In the final hours leading up to the expiration of the NHL collective bargaining agreement, the Toronto Maple Leafs were reportedly still seeking an experienced starting goaltender.
TVA Sports’ Enrico Ciccone claimed Maple Leafs GM Brian Burke contacted the Vancouver Canucks at the end of last week to enquire about veteran netminder Roberto Luongo.
As the Toronto Sun observed, this isn’t the first time the Leafs have had trade talks about Luongo, as they (along with the Florida Panthers and Chicago Blackhawks) were rumored in the spring to have interest in the 33-year-old goalie.
Luongo, of course, has a full no-trade clause, which provides with him full control over where he’s dealt once a new CBA is in place. Florida, where he played five seasons before his 2006 trade to the Canucks, is his destination of choice.
But if a trade to the Panthers isn’t feasible, Luongo will face pressure from Canucks management to consider other destinations.
Depending on how long the lockout lasts and what’s contained in the new CBA, interest in Luongo could increase when the league eventually returns to action and GMs start discussing trades again.
Burke has repeatedly claimed he wouldn’t be rushed into acquiring an experienced starter and continued to express confidence in young James Reimer. Thus far, he’s made no comment regarding this new rumor that links his club to Luongo.
If, however, Burke was seriously pursuing Luongo, he could have a difficult time selling ‘Bobby Lu’ on the merits of joining the Maple Leafs when the lockout ends.
Goalie coach Francois Allaire recently quit the Leafs and claimed interference from others within the organization prevented him from properly doing his job. That prompted Burke to claim Allaire’s goaltending style was outdated.
Factor in the Leafs last made the playoffs in 2004, plus the growing dissatisfaction among Toronto fans and media over Burke’s brusque management style and the Leafs appear a dysfunctional franchise spinning its wheels in the NHL’s largest and most demanding market.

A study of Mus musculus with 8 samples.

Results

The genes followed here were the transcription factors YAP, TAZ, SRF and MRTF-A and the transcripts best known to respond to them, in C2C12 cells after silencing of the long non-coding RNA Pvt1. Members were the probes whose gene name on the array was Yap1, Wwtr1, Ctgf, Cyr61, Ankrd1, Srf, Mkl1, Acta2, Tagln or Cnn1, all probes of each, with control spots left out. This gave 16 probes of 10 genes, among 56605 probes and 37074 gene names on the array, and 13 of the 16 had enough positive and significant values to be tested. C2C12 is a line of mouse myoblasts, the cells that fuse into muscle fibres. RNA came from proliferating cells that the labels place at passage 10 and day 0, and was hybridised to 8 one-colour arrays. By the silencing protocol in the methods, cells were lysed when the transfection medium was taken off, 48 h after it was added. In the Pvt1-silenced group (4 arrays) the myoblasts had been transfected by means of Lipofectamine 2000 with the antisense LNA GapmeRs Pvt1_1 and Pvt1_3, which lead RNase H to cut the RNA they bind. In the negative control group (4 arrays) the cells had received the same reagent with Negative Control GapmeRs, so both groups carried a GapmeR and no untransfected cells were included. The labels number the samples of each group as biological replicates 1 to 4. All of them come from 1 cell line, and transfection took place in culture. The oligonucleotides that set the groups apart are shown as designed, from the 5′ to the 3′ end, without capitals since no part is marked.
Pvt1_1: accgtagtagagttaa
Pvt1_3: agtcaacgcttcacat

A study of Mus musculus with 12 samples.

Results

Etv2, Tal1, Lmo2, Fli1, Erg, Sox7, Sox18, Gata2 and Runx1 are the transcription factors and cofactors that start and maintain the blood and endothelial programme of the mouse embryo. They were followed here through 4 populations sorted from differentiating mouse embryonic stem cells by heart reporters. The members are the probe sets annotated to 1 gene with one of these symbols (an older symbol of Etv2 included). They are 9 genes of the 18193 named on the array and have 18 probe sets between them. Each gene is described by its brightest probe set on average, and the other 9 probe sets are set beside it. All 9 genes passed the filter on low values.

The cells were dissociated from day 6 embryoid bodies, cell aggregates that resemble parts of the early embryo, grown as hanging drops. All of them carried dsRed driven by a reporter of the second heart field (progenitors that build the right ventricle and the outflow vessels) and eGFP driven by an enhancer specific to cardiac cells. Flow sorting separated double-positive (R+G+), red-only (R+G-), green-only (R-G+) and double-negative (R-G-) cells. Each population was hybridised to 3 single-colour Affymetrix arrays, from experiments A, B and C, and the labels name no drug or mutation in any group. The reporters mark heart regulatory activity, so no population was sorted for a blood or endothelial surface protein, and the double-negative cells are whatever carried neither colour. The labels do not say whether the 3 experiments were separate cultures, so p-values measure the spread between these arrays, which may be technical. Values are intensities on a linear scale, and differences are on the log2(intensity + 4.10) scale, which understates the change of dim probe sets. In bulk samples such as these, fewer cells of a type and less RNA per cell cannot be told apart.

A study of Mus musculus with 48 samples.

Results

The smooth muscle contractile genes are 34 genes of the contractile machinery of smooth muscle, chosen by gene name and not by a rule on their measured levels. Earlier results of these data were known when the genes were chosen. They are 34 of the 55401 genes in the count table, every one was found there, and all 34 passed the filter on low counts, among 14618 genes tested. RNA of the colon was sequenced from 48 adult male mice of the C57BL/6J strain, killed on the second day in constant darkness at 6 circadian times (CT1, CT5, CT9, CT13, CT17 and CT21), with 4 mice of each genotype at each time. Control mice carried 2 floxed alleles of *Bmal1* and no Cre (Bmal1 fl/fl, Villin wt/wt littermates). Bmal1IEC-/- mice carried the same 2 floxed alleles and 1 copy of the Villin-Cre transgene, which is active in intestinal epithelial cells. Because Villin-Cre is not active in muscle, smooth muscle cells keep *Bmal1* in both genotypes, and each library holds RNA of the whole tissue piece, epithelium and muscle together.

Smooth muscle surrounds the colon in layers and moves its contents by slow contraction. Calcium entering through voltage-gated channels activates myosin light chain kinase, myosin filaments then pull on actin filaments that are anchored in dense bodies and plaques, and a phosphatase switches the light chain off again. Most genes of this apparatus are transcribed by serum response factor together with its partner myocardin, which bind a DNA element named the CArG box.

Those are hardly the kind of selling points to convince Luongo that Toronto is worth waiving his no-trade clause for.
Even if Burke convinced Luongo to join the Leafs, the Canucks’ asking price would be steep.
When the Leafs GM made his initial enquires last spring, it was rumored the Canucks wanted defenseman Luke Schenn (whom Burke later dealt to the Philadelphia Flyers) in the deal.
With Schenn out of the picture, it’s been suggested the Canucks would want promising center Joe Colborne, defenseman Jake Gardiner or right winger Carter Ashton as part of the return, along with a good young roster player.
Even if Burke landed Luongo, he’d still have other issues to address, such as finding a first-line center, adding more defensive grit and improving the penalty kill.
One can scarcely blame Burke for making enquiries about Luongo. If he truly hopes to bolster his goaltending, however, his best option is to wait for a new CBA in hopes a significantly lowered salary cap will force other clubs to shed salary and provide Burke more affordable options.
Rumor Roundup appears Monday-Friday only on thehockeynews.com. Lyle Richardson has been an NHL commentator since 1998 on his website, spectorshockey.net, and is a contributing writer for Eishockey News, Kukla’s Korner and The Guardian, Charlottetown.